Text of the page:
For those in a rush: Skip to the pictures to learn how healthcare insurance works

A while back, I heard a story about someone in the US that ended up in a car crash and had to spend some time in the hospital – let’s call her Jane. To add insult to injury, Jane did not have healthcare insurance. When she got the bill, she quickly realized she could not afford it. Jane talked to the hospital administrators about her lack of coverage, which resulted in a far lower bill. The bill still was not cheap, but it was at least feasible for Jane to pay for it. Relieved, she left the hospital. She didn’t start contemplating how easily the hospital administrators had lowered the bill until later.

At first, she thought they had just felt bad for her and made an exception. But it had been so easy for them. Would it not have been more complicated to get the authority to lower the bill if it was a rare exception?

When Jane asked around, she found out that other people in her position (no healthcare insurance) had had the same experience. Maybe they were all just very lucky? Or maybe it was standard for hospitals to reduce the bills of people with no healthcare insurance?

The first seems unlikely; there are too many people who have had the same experience. The second begs the question: If prices can be lower, why would insurance companies – who notorious for avoiding payouts at almost any cost – pay more? And so much more too.

That is the question that I could not get out of my head: Why do healthcare insurance companies get far higher bills for the same treatments? And perhaps more importantly: Why should you care?

Why do healthcare insurance companies pay more?

The answer to this question is baked into the very regulations that govern how healthcare insurance companies can make money. These regulations limit the annual profit a healthcare insurance company can make to 20% of the payouts made during the year. The idea is to avoid a scenario where healthcare insurers hike the premiums to increase their profits. Super high premiums would be bad for the people who need insurance, so this seems like a good measure.

However, insurance companies are profit-seeking enterprises and as the adage goes: Where there’s a will, there’s a way.

It requires some creative thinking, but it is not hard to increase profits under these conditions. All you have to do is increase payouts:

Healthcare insurance companies benefit from increased payouts, since profits are limited to a percentage of payouts.
By doubling the payouts, profits double too. Thus, payouts are good for the healthcare insurance provider.

Typically, companies want to limit their expenses in order to increase profits. But this is not a typical scenario. Since the profits are dependent on expenses, increasing payouts (expenses) is, in fact, the only way healthcare insurers can increase their profits.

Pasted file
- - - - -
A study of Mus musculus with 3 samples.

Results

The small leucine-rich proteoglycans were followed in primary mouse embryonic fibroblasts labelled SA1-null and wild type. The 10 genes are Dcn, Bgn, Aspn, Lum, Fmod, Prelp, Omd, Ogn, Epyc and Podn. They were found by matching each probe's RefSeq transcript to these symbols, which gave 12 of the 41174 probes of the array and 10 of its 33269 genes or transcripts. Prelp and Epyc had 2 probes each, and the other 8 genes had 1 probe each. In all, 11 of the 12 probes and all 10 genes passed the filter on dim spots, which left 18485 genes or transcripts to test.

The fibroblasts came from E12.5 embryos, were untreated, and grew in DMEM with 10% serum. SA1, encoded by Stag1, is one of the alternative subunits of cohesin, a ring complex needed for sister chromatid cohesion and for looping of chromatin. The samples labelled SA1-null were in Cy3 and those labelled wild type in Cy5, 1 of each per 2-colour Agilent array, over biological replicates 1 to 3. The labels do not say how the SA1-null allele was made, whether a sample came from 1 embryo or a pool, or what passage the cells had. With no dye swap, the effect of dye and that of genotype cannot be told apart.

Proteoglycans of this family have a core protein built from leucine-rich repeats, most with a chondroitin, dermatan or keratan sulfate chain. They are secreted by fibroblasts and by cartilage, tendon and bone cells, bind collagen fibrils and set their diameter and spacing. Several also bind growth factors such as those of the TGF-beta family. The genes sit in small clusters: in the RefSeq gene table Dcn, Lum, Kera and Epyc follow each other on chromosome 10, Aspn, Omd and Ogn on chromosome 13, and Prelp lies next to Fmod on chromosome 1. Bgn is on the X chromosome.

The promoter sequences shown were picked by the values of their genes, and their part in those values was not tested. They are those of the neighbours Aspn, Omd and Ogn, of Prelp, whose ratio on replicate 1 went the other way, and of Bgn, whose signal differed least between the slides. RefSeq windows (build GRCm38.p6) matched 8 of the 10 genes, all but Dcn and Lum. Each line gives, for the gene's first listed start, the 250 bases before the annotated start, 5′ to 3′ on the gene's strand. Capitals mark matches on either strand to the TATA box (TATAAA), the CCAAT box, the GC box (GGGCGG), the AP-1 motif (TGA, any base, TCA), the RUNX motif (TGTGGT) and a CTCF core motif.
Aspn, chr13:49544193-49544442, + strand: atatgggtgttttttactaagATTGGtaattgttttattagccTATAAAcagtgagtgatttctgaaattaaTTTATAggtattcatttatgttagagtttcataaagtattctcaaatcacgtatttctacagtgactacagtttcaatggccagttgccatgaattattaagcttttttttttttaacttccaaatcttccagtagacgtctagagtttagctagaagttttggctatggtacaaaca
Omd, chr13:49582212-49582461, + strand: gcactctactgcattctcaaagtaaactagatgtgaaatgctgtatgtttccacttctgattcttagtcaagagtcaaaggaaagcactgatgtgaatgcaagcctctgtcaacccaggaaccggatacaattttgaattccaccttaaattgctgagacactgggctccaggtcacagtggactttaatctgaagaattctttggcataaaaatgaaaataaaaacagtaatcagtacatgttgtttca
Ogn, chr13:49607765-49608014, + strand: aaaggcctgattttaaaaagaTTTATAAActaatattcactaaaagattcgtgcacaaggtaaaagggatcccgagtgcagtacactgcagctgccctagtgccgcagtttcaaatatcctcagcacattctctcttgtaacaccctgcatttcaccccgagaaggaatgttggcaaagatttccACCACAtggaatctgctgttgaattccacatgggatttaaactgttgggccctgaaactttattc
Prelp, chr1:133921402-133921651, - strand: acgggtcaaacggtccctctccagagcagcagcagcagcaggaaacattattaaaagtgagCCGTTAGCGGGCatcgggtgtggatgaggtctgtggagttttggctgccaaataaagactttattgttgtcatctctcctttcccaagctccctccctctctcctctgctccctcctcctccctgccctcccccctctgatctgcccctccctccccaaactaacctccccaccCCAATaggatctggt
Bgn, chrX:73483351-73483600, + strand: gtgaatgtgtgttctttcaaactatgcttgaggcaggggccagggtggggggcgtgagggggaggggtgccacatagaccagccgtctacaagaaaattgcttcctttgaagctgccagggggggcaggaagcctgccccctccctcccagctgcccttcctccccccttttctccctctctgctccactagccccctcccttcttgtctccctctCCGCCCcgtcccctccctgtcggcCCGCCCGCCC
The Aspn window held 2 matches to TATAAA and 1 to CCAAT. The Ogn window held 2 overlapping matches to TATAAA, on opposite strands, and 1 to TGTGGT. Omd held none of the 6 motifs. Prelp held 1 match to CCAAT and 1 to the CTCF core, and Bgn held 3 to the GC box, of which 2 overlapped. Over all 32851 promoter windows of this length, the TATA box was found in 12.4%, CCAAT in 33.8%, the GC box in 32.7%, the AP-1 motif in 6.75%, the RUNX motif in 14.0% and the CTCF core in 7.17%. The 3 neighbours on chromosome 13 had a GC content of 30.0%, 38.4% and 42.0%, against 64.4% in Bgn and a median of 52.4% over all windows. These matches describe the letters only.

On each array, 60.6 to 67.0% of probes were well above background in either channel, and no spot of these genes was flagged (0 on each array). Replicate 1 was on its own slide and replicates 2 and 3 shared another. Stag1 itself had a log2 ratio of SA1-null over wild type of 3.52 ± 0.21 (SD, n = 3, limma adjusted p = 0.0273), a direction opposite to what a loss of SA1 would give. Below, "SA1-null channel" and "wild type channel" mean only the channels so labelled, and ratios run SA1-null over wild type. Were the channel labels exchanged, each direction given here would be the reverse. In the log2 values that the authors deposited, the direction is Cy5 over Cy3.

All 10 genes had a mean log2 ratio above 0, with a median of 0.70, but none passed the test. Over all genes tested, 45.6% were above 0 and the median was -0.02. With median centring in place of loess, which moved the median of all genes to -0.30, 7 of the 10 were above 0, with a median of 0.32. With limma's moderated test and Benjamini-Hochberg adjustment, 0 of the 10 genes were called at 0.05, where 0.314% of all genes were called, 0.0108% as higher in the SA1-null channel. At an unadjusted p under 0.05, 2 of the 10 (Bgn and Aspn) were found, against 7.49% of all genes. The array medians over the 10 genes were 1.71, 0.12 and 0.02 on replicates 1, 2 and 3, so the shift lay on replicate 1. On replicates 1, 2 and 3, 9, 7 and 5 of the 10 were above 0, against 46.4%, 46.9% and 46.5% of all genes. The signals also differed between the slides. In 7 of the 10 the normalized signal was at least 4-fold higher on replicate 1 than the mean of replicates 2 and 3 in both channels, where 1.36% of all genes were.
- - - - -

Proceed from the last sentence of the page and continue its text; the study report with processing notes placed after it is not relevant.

Thus, insurance companies are happy to pay more than necessary for medical treatment. Hospitals and other medical facilities are, of course, more than happy to oblige, as it puts more money in their pockets too.

Why should you care that healthcare providers pay more?

So we have established that more expenses mean more profit for the healthcare insurance providers and the medical facilities, but why should you care?

Well, at the end of the day, the insurance companies need to bring in more money to afford the increased payouts while still having revenues that are higher than expenses. Where do they get the money from? You, the insured.

Though the goal of limiting the profits to 20% of payouts was supposed to ensure lower premiums, it has not. As often is the case, there are unforeseen consequences to new regulations. In this case, healthcare insurance premiums are simply increased to accommodate higher expenses (and profits). At the end of the day, you are still paying more than you should for medical care. It is just hard to tell, as it is paid indirectly through insurers.

That is why Jane and others like her were able to get cheaper medical care from the hospitals: The price paid by healthcare insurance companies – the default price for treatment – is artificially high.

Summed up in a couple of pictures:

Costs of medical treatment without healthcare insurance vs. without.
Why higher profits for healthcare insurers are dependent on higher payouts and higher premiums: Map of logic.

NOTE: If you found this topic interesting, I recommend listening to Peter Attia’s podcast with Marty Makary on how the healthcare system works and how it might get fixed.